There is a big different between renting a place and living in a place, and the terms used for these two concepts are quite different. Tenant is the term used in the law to describe someone who has a contractual relationship giving her the right to use or to occupy a particular premises. Resident simply means someone who lives in a place. Each word is associated with different issues in the law, rather than being contrasted one with the other.
Most tenant issues are found in the context of landlord-tenant laws or contract law, while legal matters involving residents are found in immigration law or establishing the right to certain state or local benefits.
Tenant Rights in Landlord-Tenant Laws
A tenant is someone who enters into a contract with the owner of real property. The landlord-tenant agreement gives the tenant the legal right to use the premises, either to live there or to use it for a business or other activity. In exchange, a tenant pays the landlord rent and agrees to certain rules of behavior.
Each state has its own landlord-tenant laws that regulate the relationship between these parties. Generally, a tenant either leases the premises for a set period of time, like a year, in exchange for a monthly payment, or he rents it periodically, by the week or month, paying for that period in advance. Failure to pay rent can result in the tenant's eviction.
Legal Issues Involving Tenancy
Some of the legal issues that commonly arise in landlord-tenant law include how rent is calculated and whether it can be raised at will, how a tenancy is terminated, when and how a landlord can evict a tenant, as well as issues involving the amount of security deposits, what they can be used for and the procedure and timing for returning them.
In many areas of the country, a landlord is allowed to raise rent to whatever the market will bear and to end a periodic tenancy without giving a reason, as long as proper notice is provided to the tenant. However, some states and cities have enacted rent control laws that prevent no-cause evictions and limit the amount of annual rent increases.
Status as a Resident
The term resident comes from the verb reside, meaning to live somewhere. A tenant who lives in rented or leased premises is also a resident of those promises, in that he lives there. But anyone else who lives in a place can be called a resident, whether or not they are tenants. For example:
- Owners of property who reside in the property are residents.
- Longterm guests or family members of property owners are residents.
- Longterm guests or family members of tenants can also be called residents.
- In certain circumstances, those who live in a premises without permission are also termed residents.
The common legal issues that involve residents don't arise in the context of landlord-tenant law, but rather in immigration law. In this area of the law, a legal resident of a country, such as a person with a green card in the United States, is contrasted with a citizen, a person who has various additional rights, like the right to vote in elections.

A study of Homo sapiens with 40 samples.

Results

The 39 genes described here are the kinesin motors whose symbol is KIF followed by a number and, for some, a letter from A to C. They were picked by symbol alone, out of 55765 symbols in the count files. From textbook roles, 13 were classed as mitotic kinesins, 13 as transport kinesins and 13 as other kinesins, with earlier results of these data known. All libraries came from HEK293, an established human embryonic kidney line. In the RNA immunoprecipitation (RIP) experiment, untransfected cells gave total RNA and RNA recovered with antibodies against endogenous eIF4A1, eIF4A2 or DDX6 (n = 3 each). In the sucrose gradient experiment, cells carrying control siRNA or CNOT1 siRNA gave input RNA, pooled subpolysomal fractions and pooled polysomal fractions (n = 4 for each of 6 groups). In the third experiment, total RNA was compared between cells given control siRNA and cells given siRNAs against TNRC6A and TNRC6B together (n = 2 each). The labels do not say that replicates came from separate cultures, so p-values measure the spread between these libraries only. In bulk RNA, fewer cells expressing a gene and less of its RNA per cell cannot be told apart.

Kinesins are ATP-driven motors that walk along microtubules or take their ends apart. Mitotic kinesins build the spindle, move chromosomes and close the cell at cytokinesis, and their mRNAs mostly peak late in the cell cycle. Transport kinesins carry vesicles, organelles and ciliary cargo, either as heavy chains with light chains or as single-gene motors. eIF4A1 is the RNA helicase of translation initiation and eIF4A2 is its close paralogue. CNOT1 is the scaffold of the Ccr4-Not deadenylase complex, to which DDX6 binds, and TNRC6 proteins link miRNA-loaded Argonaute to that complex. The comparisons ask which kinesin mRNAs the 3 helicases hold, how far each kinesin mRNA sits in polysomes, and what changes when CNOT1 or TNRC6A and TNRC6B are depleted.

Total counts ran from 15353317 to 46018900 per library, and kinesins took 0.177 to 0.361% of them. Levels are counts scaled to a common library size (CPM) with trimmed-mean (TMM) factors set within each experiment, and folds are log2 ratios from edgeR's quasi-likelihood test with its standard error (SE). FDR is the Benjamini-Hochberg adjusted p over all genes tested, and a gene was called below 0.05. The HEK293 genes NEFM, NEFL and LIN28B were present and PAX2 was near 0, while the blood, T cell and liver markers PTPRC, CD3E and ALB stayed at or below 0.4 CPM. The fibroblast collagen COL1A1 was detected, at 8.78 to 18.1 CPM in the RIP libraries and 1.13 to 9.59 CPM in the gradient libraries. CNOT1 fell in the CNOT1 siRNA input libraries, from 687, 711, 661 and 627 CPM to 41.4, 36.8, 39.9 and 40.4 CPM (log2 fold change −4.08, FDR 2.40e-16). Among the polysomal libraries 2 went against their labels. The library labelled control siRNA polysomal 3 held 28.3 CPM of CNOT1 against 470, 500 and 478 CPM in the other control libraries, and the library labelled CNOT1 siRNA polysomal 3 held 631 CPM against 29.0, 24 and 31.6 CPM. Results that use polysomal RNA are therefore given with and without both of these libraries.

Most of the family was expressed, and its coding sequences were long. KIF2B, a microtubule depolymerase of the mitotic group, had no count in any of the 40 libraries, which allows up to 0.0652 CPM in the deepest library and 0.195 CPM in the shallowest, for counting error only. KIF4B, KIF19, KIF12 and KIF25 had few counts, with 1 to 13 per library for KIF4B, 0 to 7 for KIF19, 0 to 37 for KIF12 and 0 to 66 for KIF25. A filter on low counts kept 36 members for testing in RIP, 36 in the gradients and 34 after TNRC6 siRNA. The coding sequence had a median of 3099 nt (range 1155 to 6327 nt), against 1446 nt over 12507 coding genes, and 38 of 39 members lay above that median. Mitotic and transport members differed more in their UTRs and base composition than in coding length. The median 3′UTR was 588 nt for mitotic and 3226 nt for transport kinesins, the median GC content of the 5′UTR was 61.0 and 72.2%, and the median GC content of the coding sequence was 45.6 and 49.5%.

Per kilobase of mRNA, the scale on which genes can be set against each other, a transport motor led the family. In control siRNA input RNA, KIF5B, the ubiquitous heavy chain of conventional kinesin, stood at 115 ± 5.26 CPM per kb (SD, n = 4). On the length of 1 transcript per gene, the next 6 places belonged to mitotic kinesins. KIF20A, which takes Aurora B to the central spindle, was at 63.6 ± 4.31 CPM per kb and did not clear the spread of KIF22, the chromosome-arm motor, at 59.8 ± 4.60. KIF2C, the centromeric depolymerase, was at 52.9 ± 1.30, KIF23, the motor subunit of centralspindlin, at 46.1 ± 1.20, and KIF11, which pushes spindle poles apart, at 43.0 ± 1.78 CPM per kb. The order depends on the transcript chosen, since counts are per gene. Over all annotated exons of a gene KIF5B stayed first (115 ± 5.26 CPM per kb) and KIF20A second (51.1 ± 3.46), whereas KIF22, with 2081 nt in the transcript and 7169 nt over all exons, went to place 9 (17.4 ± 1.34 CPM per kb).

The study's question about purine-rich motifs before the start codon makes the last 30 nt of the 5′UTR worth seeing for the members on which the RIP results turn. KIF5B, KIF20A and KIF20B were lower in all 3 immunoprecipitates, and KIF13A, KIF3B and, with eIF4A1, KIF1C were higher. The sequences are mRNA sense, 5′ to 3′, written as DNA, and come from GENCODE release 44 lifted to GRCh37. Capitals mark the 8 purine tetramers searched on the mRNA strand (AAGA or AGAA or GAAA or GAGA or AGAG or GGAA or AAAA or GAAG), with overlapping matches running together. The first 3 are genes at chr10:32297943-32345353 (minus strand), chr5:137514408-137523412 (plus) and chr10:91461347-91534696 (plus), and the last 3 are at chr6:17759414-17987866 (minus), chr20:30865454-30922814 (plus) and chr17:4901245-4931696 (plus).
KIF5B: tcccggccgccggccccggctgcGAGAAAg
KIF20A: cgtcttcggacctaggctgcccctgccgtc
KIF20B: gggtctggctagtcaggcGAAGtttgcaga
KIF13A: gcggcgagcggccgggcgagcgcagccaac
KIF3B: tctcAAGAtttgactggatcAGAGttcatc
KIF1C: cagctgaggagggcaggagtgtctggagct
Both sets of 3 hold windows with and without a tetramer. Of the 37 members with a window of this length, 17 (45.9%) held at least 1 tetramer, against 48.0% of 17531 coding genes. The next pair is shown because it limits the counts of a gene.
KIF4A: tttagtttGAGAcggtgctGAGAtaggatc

Legal Questions Involving Residency
Legal questions involving residency can also arise in the context of a person's rights to state or municipal services or benefits. For example, California residents pay less to attend California universities than nonresidents, and San Francisco residents can visit the city's botanical gardens for free, while nonresidents must pay a fee.
Likewise, divorces are only available in some states to those who have established residency there. The definition of residency in these areas differs according to the laws of the state, county or city.
Read More: Difference Between a Guest & a Tenant
- Dictionary.com: Resident
- Law Dictionary: Residence
- Legal Dictionary: Residence
- California Courts: Eviction and Housing
- Canada: Determining Your Residency Status
- Legal Beagle: Difference Between a Guest & a Tenant
- Legal Beagle: How to Establish Two Residences With Postal Addresses
- Legal Beagle: What Are a Landlord's Rights If There Is No Signed Rental Agreement?
- Legal Beagle: How to Evict a Month to Month Tenant
Teo Spengler earned a J.D. from U.C. Berkeley's Boalt Hall. As an Assistant Attorney General in Juneau, she practiced before the Alaska Supreme Court and the U.S. Supreme Court before opening a plaintiff's personal injury practice in San Francisco. She holds both an M.A. and an M.F.A in creative writing and enjoys writing legal blogs and articles. Her work has appeared in numerous online publications including USA Today, Legal Zoom, eHow Business, Livestrong, SF Gate, Go Banking Rates, Arizona Central, Houston Chronicle, Navy Federal Credit Union, Pearson, Quicken.com, TurboTax.com, and numerous attorney websites. Spengler splits her time between the French Basque Country and Northern California.